We've been learning to cook some of my favorite Vietnamese dishes with my parents, which really reminded us of this great Japanese cooking series on Youtube titled "Cooking with Dog". If you ever want to learn how to cook wonderful Japanese food, this web series is the best.
The picture above is a really good example of what cooking with my dad is like, casual, meticulous and with lots of beer for when we're waiting for the stock to come to a boil. We recently asked to learn how to cook a soupy noodle dish called Bun Rieu (a pork broth, crab/egg, tomato noodle soup that's not spicy, but tart and sour). Sounds good huh? Cooking with BA (Vietnamese for Dad) isn't like a typical cooking class. Mike was poised and ready to prep cook and help, but soon realize when you learn family recipes you simply sit back and watch because these recipes aren't ever written down, they are tinkered with and you learn simply by observing.
We started off by boiling two small racks of pork short ribs, cut into individual ribs (for easy snacking later).
After the initial boil, we discarded the scummy water and put the ribs back into clean water where we got a clear broth without all the impurities. Next we sat back, drank our beers and watch as BA casually and skillfully cut up the tofu, tomatoes, onions, green onions, leeks and garlic.
Next he cracked 5 eggs into a bowl and added a crab paste with bean oil, which will eventually turn into the steam crab/egg mixture in the soup.
Then we got to cooking, starting with sauteing garlic, onions and shallots in a pot with enough oil to coat the bottom of the pot.
Once the garlic/onion/shallots were tender and translucent we added a whole bunch of paprika until it was combined and starting to stick to the bottom of the pot. Then the magic happened and we deglazed with broth from the spare ribs and then just added all the broth and spare ribs to the pot, which turned into this rich red soup base.
Next we seasoned with salt, sugar, tamarind soup base (for sourness) and a fermented shrimp paste (for muskiness). Once the soup was at a flavor we liked we added the garnishes of tofu, tomatoes and green onions (which BA expertly split at the ends of the whites so they'd bloom in the soup).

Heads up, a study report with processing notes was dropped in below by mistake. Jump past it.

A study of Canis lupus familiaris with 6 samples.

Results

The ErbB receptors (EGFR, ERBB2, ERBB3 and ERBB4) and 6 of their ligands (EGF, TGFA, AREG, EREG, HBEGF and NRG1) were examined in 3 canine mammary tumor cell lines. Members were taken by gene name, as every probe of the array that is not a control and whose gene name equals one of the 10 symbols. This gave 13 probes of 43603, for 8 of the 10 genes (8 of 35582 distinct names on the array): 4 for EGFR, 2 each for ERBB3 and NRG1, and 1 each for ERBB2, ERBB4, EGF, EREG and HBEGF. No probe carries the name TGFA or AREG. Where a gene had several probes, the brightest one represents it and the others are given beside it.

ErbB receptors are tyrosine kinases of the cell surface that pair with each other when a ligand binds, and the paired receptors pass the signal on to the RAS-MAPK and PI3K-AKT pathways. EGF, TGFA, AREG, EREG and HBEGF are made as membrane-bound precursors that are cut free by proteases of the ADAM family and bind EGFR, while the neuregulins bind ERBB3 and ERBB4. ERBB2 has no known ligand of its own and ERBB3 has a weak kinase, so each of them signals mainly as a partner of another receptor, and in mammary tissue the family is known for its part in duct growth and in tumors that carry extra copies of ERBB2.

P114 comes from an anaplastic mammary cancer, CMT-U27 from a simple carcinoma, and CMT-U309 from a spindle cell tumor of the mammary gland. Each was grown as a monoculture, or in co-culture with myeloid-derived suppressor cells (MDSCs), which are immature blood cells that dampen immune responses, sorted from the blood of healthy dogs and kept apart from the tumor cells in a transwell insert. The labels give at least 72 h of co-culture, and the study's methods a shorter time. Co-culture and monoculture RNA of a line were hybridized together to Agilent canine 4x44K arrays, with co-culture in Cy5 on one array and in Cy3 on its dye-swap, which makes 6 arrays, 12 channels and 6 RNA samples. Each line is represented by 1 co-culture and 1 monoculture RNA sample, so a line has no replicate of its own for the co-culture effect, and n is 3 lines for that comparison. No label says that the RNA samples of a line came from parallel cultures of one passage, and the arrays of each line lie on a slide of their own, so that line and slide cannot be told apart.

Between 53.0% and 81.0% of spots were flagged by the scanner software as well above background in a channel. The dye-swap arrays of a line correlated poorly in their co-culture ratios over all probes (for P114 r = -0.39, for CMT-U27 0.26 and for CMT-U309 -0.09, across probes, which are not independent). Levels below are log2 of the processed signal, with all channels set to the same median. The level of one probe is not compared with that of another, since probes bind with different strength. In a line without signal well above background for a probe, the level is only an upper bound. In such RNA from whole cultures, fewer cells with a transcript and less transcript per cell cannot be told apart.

At this point we thought the soup was good enough to eat, but then comes the best part and what puts the "Rieu" in the "Bun Rieu", the egg/crab-in-bean-oil mixture was gently laid on top of the soup, covered to steam and become cake-like.
That's basically it, now all that's left is to set up the bowls with garnishes and ladle in the soup. But we had to wait until later to eat our bowls because we already had dinner plans and had to wait until the next day.
Traditionally Bun Rieu is served with rice noodles, morning glory greens (that have been split and curled) and lemon balm herbs for a citrus aroma. Morning glory isn't in season so none of the Asian food markets had any so we improvised and used the greens from our hot pot dinner. BA kept saying Bun Rieu is a very personal dish to each person's tastes and preference. Initially I thought yeah, yeah, yeah, I'm sure it's delicious, but once we dug into our first bowl we realized we would have used less of the crab mixture and less of the fermented bean paste (it was muskier than we would have preferred). But at least now we know how to make one of the most quintessential soups in Vietnam and we're armed with a written recipe so we can start tinkering on our own. Thanks BA, again another awesome dish to add to our cooking repertoire.